The former Telegraph owner has been particularly generous with money that isn't strictly his...
Lord Black of Crossharbour, former proprietor of The Daily Telegraph, is perhaps best known for running what Richard Breeden of the US Securities and Exchange Commission memorably called "a corporate kleptocracy".
Black, his wife and their associates were accused of siphoning off the assets of his company, Hollinger International, for everything from expensive handbags to birthday parties and the refurbishment of Rolls Royces. Black is due in court in Chicago this week to answer eight charges of fraud, which he strenuously denies.
But can he be all bad when he has also given so much to charity? Nearly half a million dollars, or £290,000, for example, to the Hospital for Sick Children in Toronto to build the Black Family Foundation Wing. David Radler, deputy chairman of Hollinger, gave $168,000 (£98,000) to Queen's University in Toronto for the Radler Business Wing, and made donations to a hospital and university in Israel. Between 1996 and 2003, they gave $6.5m (£3.8m) between them to charities in four countries, including the UK.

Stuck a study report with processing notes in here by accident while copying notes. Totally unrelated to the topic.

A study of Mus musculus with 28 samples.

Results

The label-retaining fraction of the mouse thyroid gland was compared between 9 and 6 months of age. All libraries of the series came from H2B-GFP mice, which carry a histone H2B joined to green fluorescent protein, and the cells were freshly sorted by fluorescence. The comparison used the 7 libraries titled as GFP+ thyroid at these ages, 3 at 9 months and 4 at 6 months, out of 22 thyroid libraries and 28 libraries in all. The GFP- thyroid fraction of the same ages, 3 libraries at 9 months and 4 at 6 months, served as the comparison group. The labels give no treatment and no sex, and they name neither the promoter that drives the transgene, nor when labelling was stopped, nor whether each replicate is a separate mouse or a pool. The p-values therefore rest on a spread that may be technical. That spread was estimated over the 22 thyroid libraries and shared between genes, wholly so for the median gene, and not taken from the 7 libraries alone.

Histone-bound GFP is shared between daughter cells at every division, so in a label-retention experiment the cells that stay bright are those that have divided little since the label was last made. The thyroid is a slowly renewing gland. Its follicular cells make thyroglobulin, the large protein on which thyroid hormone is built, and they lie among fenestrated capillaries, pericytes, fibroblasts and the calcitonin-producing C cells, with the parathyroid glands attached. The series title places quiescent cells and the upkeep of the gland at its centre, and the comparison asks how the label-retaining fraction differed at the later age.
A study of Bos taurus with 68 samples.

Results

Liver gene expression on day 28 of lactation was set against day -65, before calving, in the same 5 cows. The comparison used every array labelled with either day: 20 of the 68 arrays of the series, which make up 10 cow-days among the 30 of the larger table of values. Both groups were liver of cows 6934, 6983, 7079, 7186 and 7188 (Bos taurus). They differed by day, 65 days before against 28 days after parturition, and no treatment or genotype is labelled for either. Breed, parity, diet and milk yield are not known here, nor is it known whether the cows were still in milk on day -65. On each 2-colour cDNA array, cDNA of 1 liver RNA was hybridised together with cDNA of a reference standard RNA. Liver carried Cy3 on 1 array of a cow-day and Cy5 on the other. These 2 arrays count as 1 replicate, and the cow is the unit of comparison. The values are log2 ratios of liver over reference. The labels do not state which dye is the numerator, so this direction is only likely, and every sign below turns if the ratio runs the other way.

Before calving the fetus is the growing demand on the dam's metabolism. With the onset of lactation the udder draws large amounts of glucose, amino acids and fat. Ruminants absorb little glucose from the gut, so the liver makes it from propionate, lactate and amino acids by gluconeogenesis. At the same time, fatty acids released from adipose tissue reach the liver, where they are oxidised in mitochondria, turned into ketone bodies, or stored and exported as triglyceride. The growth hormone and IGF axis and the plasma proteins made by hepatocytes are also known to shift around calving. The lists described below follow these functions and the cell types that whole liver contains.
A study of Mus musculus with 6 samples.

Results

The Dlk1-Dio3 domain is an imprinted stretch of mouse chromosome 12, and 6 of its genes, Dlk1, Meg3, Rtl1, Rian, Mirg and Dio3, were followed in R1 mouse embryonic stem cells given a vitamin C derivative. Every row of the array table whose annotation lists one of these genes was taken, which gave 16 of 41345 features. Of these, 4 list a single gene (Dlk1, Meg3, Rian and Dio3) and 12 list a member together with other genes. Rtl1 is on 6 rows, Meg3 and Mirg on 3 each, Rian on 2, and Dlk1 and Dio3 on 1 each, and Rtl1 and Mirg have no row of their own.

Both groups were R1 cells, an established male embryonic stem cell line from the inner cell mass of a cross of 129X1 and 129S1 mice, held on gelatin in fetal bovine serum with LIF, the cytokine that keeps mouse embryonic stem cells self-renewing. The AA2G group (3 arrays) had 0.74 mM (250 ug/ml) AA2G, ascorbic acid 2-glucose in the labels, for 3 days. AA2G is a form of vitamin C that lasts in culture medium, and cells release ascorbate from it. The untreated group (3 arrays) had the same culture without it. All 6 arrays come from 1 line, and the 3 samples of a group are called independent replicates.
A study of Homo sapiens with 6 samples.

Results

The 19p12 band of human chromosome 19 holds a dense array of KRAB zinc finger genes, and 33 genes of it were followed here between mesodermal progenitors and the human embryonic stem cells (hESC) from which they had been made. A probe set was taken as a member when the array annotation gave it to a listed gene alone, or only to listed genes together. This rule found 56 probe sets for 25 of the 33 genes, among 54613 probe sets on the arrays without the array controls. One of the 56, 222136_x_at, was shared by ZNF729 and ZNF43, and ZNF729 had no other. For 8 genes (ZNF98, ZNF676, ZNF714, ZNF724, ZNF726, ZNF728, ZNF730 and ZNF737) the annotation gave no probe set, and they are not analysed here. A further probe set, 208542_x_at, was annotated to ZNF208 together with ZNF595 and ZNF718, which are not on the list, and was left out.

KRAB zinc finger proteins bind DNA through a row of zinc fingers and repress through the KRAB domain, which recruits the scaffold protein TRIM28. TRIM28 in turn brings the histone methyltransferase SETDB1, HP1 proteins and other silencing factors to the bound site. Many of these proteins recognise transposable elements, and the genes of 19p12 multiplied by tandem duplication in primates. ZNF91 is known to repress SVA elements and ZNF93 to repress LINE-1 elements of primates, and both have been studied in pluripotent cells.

The trouble was, as a special committee of Hollinger's directors reported last year, that it was not their money - it belonged to the company. "The Blacks and Radlers directed thousands of Hollinger's dollars in contributions to pet charities of their friends and other Hollinger directors, even in years when Hollinger returned a net loss," said the report. "In return, they often served on charity boards or attended lavish events, particularly in New York." None of the donations was publicly disclosed or presented to the company's board or audit committee.
So, as Dr McCoy might say, it's charitable donation, Jim, but not as we know it.